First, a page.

Resistance is fertile

The annual May Day Parade has been welcoming spring for 30 years.

Greg Corradini

A parade isn’t just a parade when a gaping, 8-foot beast swallows fools and henchmen.

No, then it toes the theatrical line.

Winter is over and the 30th annual In the Heart of the Beast Puppet and Mask Theatre’s May Day Parade and Festival is finally here.

Since 1975, the May Day Parade and Festival has been a vehicle for Twin Cities communities to critique wars (Vietnam to Iraq), to celebrate spring’s rebirth and to recognize workers’ solidarity and roots.

Most importantly, the May Day Parade is a theatrical ritual putting art back on the asphalt, into the streets and everyday lives of normal folks celebrating community.

“It’s a hopeful outpouring of creativity that can be shared with people through the workshops and the ceremony of the parade itself,” said Beth Peterson, interim artistic director of Heart of the Beast.

Peterson said the parade’s framework starts with a community meeting in February. People come together to brainstorm issues that concern themselves, the community, the nation and world.

Pages of ideas and images are developed and artists come together to cull a theme from the list. This year’s theme is “Leap! Into the Wondrous Possible.”

Once rough story sketches are put into place, teams design the puppet styles and the community helpers are brought in to assemble the puppets and masks.

Peterson said the generations that pass the workshop event onto their children also pass on a sense of community.

Dave Hage and his family have been involved in May Day parades for over 20 years. Some years, the Hages have carried puppets in the parade or pushed wagons.

This year, Hage’s son Sam busied himself gluing strips of green and yellow tissue paper to a pinata at the workshop.

“I’ve always admired Heart of the Beast for their work. As pure theater this is the most fulfilling, creative and dramatic visual spectacle. It’s better than Broadway,” Hage said.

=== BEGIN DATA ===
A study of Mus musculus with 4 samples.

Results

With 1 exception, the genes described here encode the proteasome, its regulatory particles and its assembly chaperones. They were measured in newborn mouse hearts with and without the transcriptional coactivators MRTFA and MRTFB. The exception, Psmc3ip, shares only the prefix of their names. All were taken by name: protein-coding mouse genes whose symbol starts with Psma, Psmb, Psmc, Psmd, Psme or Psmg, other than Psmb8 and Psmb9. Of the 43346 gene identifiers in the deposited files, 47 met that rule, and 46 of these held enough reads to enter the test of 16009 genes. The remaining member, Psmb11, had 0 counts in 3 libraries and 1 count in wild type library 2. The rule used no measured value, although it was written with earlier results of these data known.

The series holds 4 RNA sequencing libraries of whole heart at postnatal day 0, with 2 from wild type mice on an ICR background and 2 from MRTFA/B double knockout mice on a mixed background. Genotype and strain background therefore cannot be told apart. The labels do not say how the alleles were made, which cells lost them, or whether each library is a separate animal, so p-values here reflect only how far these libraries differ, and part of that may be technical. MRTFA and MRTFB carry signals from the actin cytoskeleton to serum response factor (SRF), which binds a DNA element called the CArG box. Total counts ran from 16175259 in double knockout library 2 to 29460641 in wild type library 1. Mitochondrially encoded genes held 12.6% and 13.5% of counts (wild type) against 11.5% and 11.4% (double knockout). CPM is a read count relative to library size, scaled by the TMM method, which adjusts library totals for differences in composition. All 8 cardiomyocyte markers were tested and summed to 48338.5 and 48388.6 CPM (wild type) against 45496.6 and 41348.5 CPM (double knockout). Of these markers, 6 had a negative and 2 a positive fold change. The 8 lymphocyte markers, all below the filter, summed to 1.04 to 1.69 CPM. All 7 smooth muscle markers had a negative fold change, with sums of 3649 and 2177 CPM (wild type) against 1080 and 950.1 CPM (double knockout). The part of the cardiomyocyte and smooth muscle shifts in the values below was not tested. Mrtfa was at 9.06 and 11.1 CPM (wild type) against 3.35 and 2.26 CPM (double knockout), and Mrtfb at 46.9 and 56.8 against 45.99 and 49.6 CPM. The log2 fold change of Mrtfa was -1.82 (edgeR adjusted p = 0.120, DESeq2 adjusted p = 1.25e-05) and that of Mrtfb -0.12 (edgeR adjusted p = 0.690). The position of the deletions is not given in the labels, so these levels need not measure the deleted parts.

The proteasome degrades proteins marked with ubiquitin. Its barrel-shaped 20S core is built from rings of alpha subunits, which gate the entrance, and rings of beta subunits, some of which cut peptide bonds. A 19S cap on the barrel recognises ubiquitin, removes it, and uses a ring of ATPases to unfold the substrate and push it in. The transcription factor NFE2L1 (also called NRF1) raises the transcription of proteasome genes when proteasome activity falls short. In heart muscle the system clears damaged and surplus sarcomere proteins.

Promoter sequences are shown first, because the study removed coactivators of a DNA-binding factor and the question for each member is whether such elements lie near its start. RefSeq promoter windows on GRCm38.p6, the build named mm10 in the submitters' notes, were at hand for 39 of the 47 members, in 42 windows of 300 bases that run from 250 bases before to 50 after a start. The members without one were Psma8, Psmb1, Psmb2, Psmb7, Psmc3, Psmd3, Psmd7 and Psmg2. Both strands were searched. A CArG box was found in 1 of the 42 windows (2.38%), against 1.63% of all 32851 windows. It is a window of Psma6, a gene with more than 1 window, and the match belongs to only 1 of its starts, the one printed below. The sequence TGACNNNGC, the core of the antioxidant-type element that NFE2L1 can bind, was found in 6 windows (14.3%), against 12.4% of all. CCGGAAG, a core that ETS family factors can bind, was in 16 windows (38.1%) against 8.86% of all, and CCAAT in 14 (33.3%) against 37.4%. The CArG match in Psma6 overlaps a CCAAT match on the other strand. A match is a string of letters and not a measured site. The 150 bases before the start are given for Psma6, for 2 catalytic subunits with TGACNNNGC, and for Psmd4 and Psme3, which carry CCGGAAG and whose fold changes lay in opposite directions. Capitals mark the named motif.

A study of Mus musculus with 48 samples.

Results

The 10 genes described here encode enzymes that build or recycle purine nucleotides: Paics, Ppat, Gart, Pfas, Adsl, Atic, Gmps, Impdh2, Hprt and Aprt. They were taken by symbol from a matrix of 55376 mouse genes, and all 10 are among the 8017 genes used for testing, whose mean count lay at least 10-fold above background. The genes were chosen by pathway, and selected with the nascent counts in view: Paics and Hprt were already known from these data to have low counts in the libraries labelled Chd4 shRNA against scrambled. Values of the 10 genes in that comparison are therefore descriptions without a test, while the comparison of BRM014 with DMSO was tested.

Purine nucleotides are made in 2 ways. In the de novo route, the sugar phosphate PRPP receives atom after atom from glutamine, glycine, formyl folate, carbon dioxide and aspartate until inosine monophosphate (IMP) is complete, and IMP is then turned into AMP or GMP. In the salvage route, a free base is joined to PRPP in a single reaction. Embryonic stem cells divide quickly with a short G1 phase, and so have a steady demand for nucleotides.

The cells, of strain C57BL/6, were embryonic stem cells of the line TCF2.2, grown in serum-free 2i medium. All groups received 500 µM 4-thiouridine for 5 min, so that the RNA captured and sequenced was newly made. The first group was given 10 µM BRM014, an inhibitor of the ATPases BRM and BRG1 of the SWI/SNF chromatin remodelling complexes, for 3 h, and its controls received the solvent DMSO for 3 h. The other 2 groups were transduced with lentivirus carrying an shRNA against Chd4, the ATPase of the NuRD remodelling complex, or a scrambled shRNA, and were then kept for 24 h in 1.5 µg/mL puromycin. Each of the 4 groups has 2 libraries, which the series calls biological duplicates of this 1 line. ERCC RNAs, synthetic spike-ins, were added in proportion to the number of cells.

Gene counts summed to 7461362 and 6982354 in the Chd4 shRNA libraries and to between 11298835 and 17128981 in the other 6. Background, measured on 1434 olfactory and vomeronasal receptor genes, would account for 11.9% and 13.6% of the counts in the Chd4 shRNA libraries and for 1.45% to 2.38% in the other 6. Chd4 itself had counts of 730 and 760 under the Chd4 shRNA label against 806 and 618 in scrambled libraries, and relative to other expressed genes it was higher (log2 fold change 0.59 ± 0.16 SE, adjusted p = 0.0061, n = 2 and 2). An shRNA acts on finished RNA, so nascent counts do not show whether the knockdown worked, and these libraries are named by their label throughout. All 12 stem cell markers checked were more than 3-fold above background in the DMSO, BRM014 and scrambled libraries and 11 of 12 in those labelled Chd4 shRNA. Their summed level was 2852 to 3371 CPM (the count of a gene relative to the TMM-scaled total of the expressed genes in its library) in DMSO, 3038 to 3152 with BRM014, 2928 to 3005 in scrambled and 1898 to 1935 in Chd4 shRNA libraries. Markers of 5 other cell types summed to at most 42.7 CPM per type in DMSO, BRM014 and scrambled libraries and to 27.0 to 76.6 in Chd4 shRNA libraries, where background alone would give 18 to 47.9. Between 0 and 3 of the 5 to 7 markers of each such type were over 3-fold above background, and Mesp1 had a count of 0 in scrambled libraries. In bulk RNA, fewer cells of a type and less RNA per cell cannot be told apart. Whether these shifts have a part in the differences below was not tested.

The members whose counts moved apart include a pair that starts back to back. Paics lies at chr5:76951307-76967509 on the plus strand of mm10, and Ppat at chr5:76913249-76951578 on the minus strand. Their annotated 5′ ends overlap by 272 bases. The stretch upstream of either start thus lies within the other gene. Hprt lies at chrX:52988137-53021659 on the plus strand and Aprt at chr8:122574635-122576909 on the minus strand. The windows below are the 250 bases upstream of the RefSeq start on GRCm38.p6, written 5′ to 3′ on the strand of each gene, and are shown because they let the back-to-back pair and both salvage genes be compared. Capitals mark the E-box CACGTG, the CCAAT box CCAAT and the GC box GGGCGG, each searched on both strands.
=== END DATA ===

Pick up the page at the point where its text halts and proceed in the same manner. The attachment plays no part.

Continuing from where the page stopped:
“This is a great, sound community commitment,” Hage said, looking around.

Some of the volunteers are first-time fools.

University German literature graduate student Scott Witmer was stitching together bright yellow pants for his fool’s costumes.

One of many fools and henchmen in the parade, Witmer said this was the first May Day parade he ever attended even though he was a professional clown and puppeteer in Vienna, Austria, for seven years.

“It’s kind of a cool pagan thing to do, and I’m a pagan,” Witmer said.

Pagan or not, the gaping-mouth puppet Natalie Lacy painted will be devouring the henchmen and digesting them into its clear plastic body.

Lacy said the great Dustbuster of consumption was working as a larger metaphor, although one left purposefully ambiguous.

“There are strong political ideals at work in the representation, but there is no intended political agenda,” Lacy said.

Tou Cha, staff member at Heart of the Beast, and his helpers were making the third of three crying faces, which are 2 feet by 4 feet, which follow the big-mouth puppet.

In the parade procession the faces will lead a long, white crying river of dancers and grieving puppets.

“This project is about the dispiritedness and loss that people are feeling throughout the world,” said Cha, who has been involved with May Day for eight years.

An island-bound cricket will be riding the wave and sending out his song to awaken the sleeping fool at his feet and people in the audience, telling them to rise.

“This is a fiddling cricket calling out to the rest of the crickets,” Cha said. “This is about the community coming together. Without this, there is no way that the community would come together.”